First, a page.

Gingrich's vault to top has cost him with voters

March 19, 1995|By New York Times News Service

BROOMALL, Pa. -- Speaker Newt Gingrich may be revered by Republicans on Capitol Hill, but polls suggest that his high profile has carried a price among voters.

At the Kmart here in this solidly Republican suburb outside Philadelphia, even people who said they liked the speaker were leery of him.

"He's entertaining, he speaks his mind, he makes politics interesting," said Chuck Towne, a 61-year-old sales representative who identified himself as a Republican. "But I don't think he's good for the country."

Another Republican, Twila Emuryan, a 48-year-old nurse, was less entertained. "I think he's using his situation as speaker of the House to his own personal advantage," she said. "I don't think he understands life. He wants to stop supporting the food program for schools. Why starve the kids? And welfare. You just can't pull the plug on everyone."

Such views reflect the findings in the latest New York Times/CBS News Poll that not only is the 51-year-old Georgian unpopular outside Washington but also that women react far more negatively to him than do men.

The views illustrate what a bad first impression Mr. Gingrich has made since he grabbed the political spotlight after the November elections. This shows up not only in national surveys but also in the comments heard in a place like Broomall, an overwhelmingly Republican suburb that stuck with George Bush 1992 even as neighboring Republican towns went Democratic.

Mr. Gingrich's negative ratings surpass those of almost every other contemporary political figure.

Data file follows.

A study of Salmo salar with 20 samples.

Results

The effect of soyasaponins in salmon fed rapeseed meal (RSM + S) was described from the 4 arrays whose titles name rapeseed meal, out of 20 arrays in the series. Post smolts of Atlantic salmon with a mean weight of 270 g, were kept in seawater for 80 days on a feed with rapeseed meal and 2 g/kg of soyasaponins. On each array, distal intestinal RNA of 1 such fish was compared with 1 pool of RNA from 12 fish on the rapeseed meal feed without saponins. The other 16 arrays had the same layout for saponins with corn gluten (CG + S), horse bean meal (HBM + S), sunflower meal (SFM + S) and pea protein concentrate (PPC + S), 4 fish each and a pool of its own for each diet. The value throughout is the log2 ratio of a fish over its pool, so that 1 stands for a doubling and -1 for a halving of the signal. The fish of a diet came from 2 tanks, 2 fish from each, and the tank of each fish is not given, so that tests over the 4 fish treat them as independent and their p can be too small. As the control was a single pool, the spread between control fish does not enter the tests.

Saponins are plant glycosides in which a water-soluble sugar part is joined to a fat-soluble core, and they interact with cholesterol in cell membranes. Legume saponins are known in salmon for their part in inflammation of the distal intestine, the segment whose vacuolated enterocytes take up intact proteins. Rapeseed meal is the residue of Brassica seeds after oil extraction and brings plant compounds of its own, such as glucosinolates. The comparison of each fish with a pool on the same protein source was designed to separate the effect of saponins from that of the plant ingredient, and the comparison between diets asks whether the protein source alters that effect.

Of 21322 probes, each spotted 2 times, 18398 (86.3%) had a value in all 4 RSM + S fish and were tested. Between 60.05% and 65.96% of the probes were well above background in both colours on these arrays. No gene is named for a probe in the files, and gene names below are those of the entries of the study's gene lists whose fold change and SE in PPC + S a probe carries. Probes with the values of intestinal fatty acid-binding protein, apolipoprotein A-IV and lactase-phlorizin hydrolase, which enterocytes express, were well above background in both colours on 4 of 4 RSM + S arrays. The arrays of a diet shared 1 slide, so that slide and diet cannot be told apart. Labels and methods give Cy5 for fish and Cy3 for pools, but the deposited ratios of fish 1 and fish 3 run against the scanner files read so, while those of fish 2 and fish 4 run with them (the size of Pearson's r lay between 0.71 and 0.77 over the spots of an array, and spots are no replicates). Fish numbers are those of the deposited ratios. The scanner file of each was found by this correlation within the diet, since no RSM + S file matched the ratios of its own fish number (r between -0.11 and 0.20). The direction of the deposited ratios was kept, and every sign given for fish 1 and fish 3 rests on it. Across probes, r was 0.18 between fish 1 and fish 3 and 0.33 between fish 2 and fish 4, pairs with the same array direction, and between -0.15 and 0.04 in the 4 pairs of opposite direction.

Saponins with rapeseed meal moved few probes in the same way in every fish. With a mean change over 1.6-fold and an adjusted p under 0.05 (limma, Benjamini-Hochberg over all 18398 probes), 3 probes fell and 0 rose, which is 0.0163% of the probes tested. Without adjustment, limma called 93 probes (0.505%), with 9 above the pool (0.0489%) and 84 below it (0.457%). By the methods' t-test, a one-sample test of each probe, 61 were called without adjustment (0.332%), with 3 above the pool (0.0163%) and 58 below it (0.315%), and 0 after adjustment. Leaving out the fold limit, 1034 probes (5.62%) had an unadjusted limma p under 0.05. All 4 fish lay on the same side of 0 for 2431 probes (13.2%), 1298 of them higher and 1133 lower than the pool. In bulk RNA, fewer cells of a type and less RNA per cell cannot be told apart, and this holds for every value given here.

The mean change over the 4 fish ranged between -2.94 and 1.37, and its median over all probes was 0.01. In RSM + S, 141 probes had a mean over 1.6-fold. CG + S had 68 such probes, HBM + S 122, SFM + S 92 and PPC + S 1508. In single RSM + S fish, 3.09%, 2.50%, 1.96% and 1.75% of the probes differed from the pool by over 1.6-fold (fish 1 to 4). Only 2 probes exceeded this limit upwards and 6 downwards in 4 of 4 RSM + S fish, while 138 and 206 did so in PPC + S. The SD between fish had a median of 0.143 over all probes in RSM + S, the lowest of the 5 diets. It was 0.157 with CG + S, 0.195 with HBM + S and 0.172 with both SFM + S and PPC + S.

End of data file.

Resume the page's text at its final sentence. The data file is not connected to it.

The Times poll, conducted by telephone last month among 1,190 adults around the country, found that 22 percent viewed him positively and 33 percent negatively; the rest had no opinion. A Wall Street Journal/NBC News poll this month found that 27 percent viewed him positively and 41 percent negatively.

In every region of the country, according to the Times survey, more people thought badly of Mr. Gingrich than thought well of him.

"I don't think there's ever been anyone who's become so unpopular so fast without being a mass murderer," said Mark Mellman, a Democratic pollster. "It's unparalleled."

To be sure, some voters here appreciate Mr. Gingrich's drive.

"He's making a difference down there, relative to what we had before," said James Bryan, 70, a retired chemical engineer. "I'm more encouraged about Congress, although I'm not sympathetic all" to the "Contract with America," the House GOP agenda, set by Mr. Gingrich.

Mr. Gingrich's press secretary, Tony Blankley, has attributed intense reaction to Mr. Gingrich in part to a peculiar confluence of events: When Mr. Gingrich became the first Republican speaker in 40 years, he was instantly subjected to presidential-level scrutiny by the news media without the benefit of a presidential campaign to introduce himself first on his own terms.

Mr. Mellman, the Democratic pollster, puts it differently: "He burst onto the scene, apparently with enormous power, and nobody knew him. Then he has these scary ideas, and he communicates them in a scary way. His tone is strident and aggressive and dismissive. There is anger in his voice."

Unlike the language of most politicians, Mr. Gingrich's is memorable. But that cuts both ways. Voters remember his suggestion that children of teen-agers on welfare could be placed in orphanages. Mostly, said one man here, who would not give his name, the speaker simply talks too much and too fast. "He's too much mouth," the man said.

In an interview, Mr. Gingrich attributed his low marks from the voters to his continuing inability to adjust his public persona to their expectations of a leader, particularly one who, after the vice president, is next in line to the presidency itself.

"No one I know of in modern times has gone from being a backbencher to being this much in the center of things in that short a time," he said. "And some of the stuff I mishandled. I said controversial things that probably at this level I shouldn't have. I occasionally got into fights that probably at this level I shouldn't have."

Baltimore Sun Articles
|
|
|
Please note the green-lined linked article text has been applied commercially without any involvement from our newsroom editors, reporters or any other editorial staff.